Photos and Story by G.I. Wilson-
Bud pulls the car over and stops. A farmer working with a piece of farm equipment pulled by a team of mules.
My father used this same equipment 80 years ago. Rapid hoof beats on concrete turns our attention back to the highway. A black buggy whips by at 20-25 MPH. A sleek black thoroughbred horse–glistening with sweat–never breaks stride, just like those you see in trotting competition.
The young man, dressed in black and stiff-brimmed hat, allows himself a peek at us without turning his head.
Welcome to Lancaster County, the heart of Amish Country. Who wouldn’t be curious about quaint little towns with names like: Bird-In-Hand, Intercourse and Lititz?
Our stay is in Bird-In-Hand, at the Amish View Inn and Suites. From our fifth floor window we have great views of perfectly groomed fields of corn, alfalfa, clover and soybeans.
A good way for an introduction to Amish Country is a tour in one of the horse drawn buggies.
Next door to the Amish View is Aaron and Jessica’s Amish Buggy rides.
Our driver, John, grew up in an Amish family, but is no longer Amish. He shared inside information on the amount of misinformation in the TV show Amish Mafia.
For the next hour he shared unique insights into the lives of the Amish.
Examples: They are not allowed to have electricity in the home. They may have a telephone on the property for business purposes. The phone is typically in a small building near the road. New wave: young people now have cell/phones. They have added chargers for the phones in the buggies.
They may own a car for business, but do not drive them. John has a business where families hire him to drive–their car–and take them to town for business. “One farmer has a BMW,” John explains. “He wanted a nice car and could afford it. I enjoy driving him places.”
Education: Amish schools go through the eighth grade. The brightest graduates become teachers.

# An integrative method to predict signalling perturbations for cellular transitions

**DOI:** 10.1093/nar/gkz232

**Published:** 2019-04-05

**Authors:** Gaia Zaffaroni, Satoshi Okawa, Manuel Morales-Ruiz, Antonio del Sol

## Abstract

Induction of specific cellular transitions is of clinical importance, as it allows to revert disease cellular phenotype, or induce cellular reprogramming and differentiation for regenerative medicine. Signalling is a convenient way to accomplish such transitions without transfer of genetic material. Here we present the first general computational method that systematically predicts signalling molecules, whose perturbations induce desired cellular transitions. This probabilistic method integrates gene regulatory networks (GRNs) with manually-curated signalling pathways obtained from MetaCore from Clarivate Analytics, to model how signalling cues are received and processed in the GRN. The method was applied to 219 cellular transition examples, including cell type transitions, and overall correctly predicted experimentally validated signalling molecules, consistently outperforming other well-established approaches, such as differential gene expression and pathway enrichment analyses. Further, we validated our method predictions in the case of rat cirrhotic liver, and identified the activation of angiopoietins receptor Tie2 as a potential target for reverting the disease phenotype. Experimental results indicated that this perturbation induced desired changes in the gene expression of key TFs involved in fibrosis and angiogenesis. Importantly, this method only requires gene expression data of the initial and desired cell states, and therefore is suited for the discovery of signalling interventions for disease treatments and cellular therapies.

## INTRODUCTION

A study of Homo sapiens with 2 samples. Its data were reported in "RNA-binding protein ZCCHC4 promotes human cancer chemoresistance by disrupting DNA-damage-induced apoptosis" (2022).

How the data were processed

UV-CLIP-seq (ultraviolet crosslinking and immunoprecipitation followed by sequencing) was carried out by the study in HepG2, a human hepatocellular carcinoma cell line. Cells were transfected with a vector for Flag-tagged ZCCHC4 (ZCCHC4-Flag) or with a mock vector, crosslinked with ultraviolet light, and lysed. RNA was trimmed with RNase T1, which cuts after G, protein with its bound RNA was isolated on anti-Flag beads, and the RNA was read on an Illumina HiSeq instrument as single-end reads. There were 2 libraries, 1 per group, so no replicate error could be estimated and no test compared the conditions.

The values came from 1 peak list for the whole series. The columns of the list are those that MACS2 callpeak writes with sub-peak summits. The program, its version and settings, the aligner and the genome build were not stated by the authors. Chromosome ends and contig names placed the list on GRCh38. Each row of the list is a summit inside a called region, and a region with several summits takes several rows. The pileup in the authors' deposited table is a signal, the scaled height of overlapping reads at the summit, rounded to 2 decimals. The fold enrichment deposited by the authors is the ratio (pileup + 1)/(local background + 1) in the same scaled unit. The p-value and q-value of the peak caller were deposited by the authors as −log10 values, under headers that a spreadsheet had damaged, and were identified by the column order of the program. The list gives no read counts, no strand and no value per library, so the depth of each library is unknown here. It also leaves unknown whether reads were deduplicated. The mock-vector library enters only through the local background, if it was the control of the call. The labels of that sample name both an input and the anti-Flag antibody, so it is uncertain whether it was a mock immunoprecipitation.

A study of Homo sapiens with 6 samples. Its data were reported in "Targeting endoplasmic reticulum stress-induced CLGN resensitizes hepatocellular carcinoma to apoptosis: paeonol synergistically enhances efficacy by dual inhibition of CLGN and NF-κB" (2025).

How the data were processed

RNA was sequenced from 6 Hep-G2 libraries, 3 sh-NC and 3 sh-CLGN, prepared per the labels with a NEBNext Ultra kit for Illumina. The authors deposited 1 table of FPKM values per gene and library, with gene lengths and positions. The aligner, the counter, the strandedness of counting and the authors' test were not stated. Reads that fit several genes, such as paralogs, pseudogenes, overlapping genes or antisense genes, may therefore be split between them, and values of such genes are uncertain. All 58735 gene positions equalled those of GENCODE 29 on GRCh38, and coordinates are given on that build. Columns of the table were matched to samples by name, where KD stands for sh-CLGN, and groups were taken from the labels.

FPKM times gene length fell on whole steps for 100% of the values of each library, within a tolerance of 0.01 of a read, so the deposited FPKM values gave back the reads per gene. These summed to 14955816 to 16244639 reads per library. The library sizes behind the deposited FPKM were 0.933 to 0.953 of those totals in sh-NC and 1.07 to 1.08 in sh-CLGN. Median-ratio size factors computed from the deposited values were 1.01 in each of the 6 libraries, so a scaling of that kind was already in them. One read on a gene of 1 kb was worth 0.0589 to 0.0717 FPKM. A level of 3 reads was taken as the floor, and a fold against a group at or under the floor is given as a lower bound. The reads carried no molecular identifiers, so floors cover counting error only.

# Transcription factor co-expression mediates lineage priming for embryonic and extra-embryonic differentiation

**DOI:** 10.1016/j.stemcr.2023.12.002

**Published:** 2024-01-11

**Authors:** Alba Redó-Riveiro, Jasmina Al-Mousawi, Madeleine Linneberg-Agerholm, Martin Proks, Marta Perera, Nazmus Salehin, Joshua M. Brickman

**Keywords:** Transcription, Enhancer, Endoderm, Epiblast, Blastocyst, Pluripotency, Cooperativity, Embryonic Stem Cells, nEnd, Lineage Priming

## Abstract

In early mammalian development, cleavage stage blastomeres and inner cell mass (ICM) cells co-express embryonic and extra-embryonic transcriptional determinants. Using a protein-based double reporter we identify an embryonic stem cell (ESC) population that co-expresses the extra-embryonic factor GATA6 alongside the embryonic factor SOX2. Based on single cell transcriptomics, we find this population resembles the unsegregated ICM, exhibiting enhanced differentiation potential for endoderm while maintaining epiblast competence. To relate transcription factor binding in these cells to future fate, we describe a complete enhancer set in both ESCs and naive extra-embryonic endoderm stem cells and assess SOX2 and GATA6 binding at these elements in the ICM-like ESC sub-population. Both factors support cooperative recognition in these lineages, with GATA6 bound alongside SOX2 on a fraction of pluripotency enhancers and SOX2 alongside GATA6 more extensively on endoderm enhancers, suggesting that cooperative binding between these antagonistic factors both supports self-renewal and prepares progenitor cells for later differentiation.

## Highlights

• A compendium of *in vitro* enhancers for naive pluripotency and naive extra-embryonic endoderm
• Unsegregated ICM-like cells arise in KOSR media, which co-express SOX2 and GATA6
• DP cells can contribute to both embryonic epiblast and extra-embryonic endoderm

Banking: The Amish have their first bank. It took seven years and $80,000 to get all the necessary permits, licenses and FDIC backing. “How about a business handling millions of dollars, run by a group of eighth grade graduates,” John chuckles.
Contrary to popular belief, not all Amish are farmers. Only 15% are farmers. “Amish have big families,” John explains. “Not enough land to go around for all the kids.”
One could easily spend a week in Lancaster County. My wife Jo has a love affair with covered bridges, having grown up beside one in Pedee, south of Dallas, Oregon. We drove the Covered Bridge Driving Tour. Saw five of Pennsylvania’s most famous in an hour.
Some of the other highlights in the area are: the Landis Valley Village and Farm Museum for a look at early life for Germans in Pennsylvania, The Strasburg Rail Road (the oldest short-line rail road in the US), and the world renowned collection of rail cars and history at the Railroad Museum of Pennsylvania.
Lancaster County offers families a glimpse into a unique culture that has survived over the years. Opportunities are there, from thrills at places like Dutch Wonderland for old-fashioned, thrill-seeking family entertainment, to farm experiences of milking cows and goats.
Pennsylvania has never been on our bucket list to visit, but good friends, who live there, convinced us to come for a visit.
We fell in love with the Amish country and the rolling hills dotted with glistening white farm houses and manicured crops. Road ways were well groomed and litter free. And the food: fried chicken, biscuits and gravy like my mother made on the farm. Pies and chocolate were to die for.
Travel expenses are going down. So, if you have the opportunity to make it to Pennsylvania, consider the Amish country for a memorable vacation. We felt autumn was a perfect time to be there.
For more information on visiting the area, contact Discover Lancaster at www.discoverlancaster.com or 800-723-8824.